Accurics: Configuration errors are threat to cloud security
Poor configuration of cloud implementations poses a security threat, potentially leaving sensitive data exposed to public-facing servers.
That’s according to research from infrastructure-as-code provider Accurics, which scanned more than 1,800 security policies to come to its conclusion.
What are common cloud configuration errors?
The biggest problem, Accurics found, was default security settings. It’s vital to change these to prevent simple hacks, similar to hacking into someone’s router using the factory login details. Yet developers had either forgotten to override the default settings or made changes in the configuration that would leave the infrastructure vulnerable to attack.
What does the Accurics report recommend for cloud security?
The report recommends better training for developers in cloud infrastructure security, particularly where it is automated (via infrastructure as code, IaC). Automation is more efficient but does less to mitigate risk because the scripts cannot foresee every eventuality in every business.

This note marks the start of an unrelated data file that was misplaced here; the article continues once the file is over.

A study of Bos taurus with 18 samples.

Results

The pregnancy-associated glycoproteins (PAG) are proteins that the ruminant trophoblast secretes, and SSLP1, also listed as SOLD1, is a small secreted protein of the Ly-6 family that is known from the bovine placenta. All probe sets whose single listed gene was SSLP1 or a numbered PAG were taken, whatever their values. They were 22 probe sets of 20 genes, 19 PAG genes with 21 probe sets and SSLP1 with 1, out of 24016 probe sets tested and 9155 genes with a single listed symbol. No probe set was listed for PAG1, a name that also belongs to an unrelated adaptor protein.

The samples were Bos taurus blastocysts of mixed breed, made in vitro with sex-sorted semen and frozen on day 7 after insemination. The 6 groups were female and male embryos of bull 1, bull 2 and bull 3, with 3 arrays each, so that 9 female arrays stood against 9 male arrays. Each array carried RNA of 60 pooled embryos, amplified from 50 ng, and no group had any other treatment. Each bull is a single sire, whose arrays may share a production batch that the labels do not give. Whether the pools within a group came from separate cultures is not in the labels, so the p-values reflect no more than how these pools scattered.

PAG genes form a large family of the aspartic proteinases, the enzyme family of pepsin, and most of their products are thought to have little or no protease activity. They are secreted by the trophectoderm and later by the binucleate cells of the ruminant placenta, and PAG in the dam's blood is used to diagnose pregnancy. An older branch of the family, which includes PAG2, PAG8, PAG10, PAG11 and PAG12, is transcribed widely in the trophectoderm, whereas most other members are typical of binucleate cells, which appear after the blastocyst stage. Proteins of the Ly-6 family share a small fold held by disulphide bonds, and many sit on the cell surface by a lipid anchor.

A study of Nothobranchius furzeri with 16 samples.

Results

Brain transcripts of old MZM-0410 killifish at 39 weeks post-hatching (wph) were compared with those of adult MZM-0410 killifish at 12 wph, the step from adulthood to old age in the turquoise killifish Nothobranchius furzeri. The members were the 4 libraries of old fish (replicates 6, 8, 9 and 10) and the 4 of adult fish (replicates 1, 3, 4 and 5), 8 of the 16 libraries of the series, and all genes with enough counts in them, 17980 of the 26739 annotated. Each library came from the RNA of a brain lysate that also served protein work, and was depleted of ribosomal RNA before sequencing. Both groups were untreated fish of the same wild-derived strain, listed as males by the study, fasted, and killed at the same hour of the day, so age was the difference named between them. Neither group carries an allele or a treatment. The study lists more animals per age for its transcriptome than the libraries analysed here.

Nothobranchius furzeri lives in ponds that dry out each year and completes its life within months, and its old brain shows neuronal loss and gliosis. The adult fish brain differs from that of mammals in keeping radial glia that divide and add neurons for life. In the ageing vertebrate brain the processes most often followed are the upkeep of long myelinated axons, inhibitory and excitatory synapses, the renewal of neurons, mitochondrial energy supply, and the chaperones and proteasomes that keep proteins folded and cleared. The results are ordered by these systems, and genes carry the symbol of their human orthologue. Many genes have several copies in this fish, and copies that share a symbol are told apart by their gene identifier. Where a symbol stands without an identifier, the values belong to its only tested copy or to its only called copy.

Is it easy to fix?
Not at all. The average time taken to remedy cloud configuration errors, researchers found, was 25 days, and went up to 149 days. The report noted that the more critical the part of the infrastructure was, the longer it tended to take to fix. On top of that, scale played a part, with attackers able to exploit the advantages of hyperscale to their own ends. Om Moolchandani, chief technology officer at Accurics, said, ““The benefit of cloud is the ability to configure at scale and, unfortunately, that works to the attackers’ advantage as well.”
Are there other cloud security risks?
The report also identified ‘drift’, a phenomenon where adjusting the infrastructure security caused knock-on effects elsewhere in the security protocol. These were frequently unnoticed for long periods of time, as much as five years. It also flagged a security issue with Kubernetes container software, where access controls were misconfigured, leaving attack surfaces open.